Authors: Farzeen Mawji Sandra Ventin
While every organization's approach to diversity, equity and inclusion (DEI) looks different, one thing remains constant: the positive outcomes. To help fortify inclusion and diversity within your organization, it's vital to ensure your benefits plan adequately addresses DEI for all employees. Just as with DEI strategies, benefits plans should shift away from a one-size fits all philosophy to help ensure greater wellbeing across an organization.
DEI is the right thing to do
Putting aside the positive returns in engagement, attraction, retention and overall business performance, embedding DEI across all aspects of an organization is simply the right thing to do. It's increasingly becoming a fundamental expectation for employees, clients, vendors and our communities in deciding whether they want to engage with your business. While there's work to be done across policies, procedures and best practices, a simple place to start is a benefits plan review to look for opportunities to be more inclusive.
Focus on what's already working
In terms of DEI and benefits strategy, we're beginning to see many good conversations and momentum both globally and within Canada. In addition, some key wins, such as same-sex partner enrollment, has been standard for years.
More recently, we're seeing momentum across enhancements to benefits plan design and an expansion of parental leave coverage. Adding to this conversation are topics such as gender diversity beyond the male/female binary that's beginning to be slowly integrated in some organizations as well.
The DEI conversation starter
Communicating what benefits are available for employees is critically important. When employers regularly communicate and educate their staff on what benefits are available to them, it can help increase engagement and retention.
Furthermore, increased communication about benefits coverage can spark conversations around DEI topics — such as gender identity, diverse ways families are formed, etc. — that can provide greater insight into what your team finds valuable. You can then use this insight to determine what modifications you can make to your plan to meet this need.
Reinforce organizational commitments to DEI
Both current employees and candidates are looking for inclusion and diversity across the organization, including in their employee benefit experience. Even if an employee isn't currently requiring specific DEI supports for themselves, it can be important to their personal values to see that the organization is modern and inclusive and has the health and wellbeing of all employees top of mind. If an organization states they're dedicated to DEI, but doesn't demonstrate this philosophy in a tangible way, there may be a values gap in attracting and retaining talent.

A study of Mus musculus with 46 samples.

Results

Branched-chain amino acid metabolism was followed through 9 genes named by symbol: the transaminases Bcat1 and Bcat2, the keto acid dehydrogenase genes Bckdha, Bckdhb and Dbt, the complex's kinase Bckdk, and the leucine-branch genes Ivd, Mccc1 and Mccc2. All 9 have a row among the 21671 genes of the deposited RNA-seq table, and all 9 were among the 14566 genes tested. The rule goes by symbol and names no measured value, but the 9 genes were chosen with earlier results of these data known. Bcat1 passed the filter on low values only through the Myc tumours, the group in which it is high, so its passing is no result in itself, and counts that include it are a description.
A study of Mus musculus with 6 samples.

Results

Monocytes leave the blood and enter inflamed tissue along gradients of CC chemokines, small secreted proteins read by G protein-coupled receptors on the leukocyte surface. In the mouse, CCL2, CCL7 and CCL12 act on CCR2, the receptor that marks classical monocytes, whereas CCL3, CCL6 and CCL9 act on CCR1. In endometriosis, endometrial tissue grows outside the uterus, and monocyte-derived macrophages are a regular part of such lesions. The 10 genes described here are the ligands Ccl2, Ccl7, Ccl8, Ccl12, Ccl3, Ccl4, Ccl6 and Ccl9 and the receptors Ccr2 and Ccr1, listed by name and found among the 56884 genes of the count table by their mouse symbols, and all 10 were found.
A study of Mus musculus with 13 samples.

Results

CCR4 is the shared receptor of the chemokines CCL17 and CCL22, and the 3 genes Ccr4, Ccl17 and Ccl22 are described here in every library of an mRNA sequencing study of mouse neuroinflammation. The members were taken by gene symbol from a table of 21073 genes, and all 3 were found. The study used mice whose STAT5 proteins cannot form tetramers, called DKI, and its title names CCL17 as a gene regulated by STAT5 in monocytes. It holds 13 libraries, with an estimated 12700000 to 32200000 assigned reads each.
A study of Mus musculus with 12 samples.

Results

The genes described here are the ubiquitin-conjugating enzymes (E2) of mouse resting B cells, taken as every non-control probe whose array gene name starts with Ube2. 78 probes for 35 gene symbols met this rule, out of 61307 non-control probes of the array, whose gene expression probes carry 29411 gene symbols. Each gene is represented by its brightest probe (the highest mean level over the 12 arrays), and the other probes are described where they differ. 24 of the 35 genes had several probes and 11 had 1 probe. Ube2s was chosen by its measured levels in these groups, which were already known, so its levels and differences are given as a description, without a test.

Measurable and positive ROI
Benefits such as gender affirmation procedures and drug coverage, mental health supports, leave support and increased coverage for infertility are a minor investment with a large employee engagement return. In most cases, costs for standard benefits offerings such as massage therapy or dental cleanings continue to outpace DEI investments, so the monetary commitment may be minimal. By enhancing coverage with a view to DEI priorities, you can make an immense impact on the wellbeing of your people and their family members.
A strong DEI philosophy focuses at the core with making mental health supports available and accessible. One way that can be achieved is by expanding the practitioner designation that your plan covers.
In addition, you should assess the level of psychological safety at your organization. Do employees feel that there's diversity of thought and freedom to share contrary opinions and bring their own authentic selves to work? If not, the changes to your benefits strategy won't be as effective.
Lastly, for Human Resources leadership teams, we recommend your HR policies be up to date with inclusive language to reflect the diversity of your employee base.
These three suggestions are just some of the considerations for a holistic approach to DEI.
As organizations ultimately strive to be an employer of choice, DEI is a natural step in that journey. There are many ways to address and improve DEI, and even small changes are progress. Reviewing your benefits plan with DEI in mind is a great way to improve the engagement and wellbeing of your current employees and attract top talent in the future.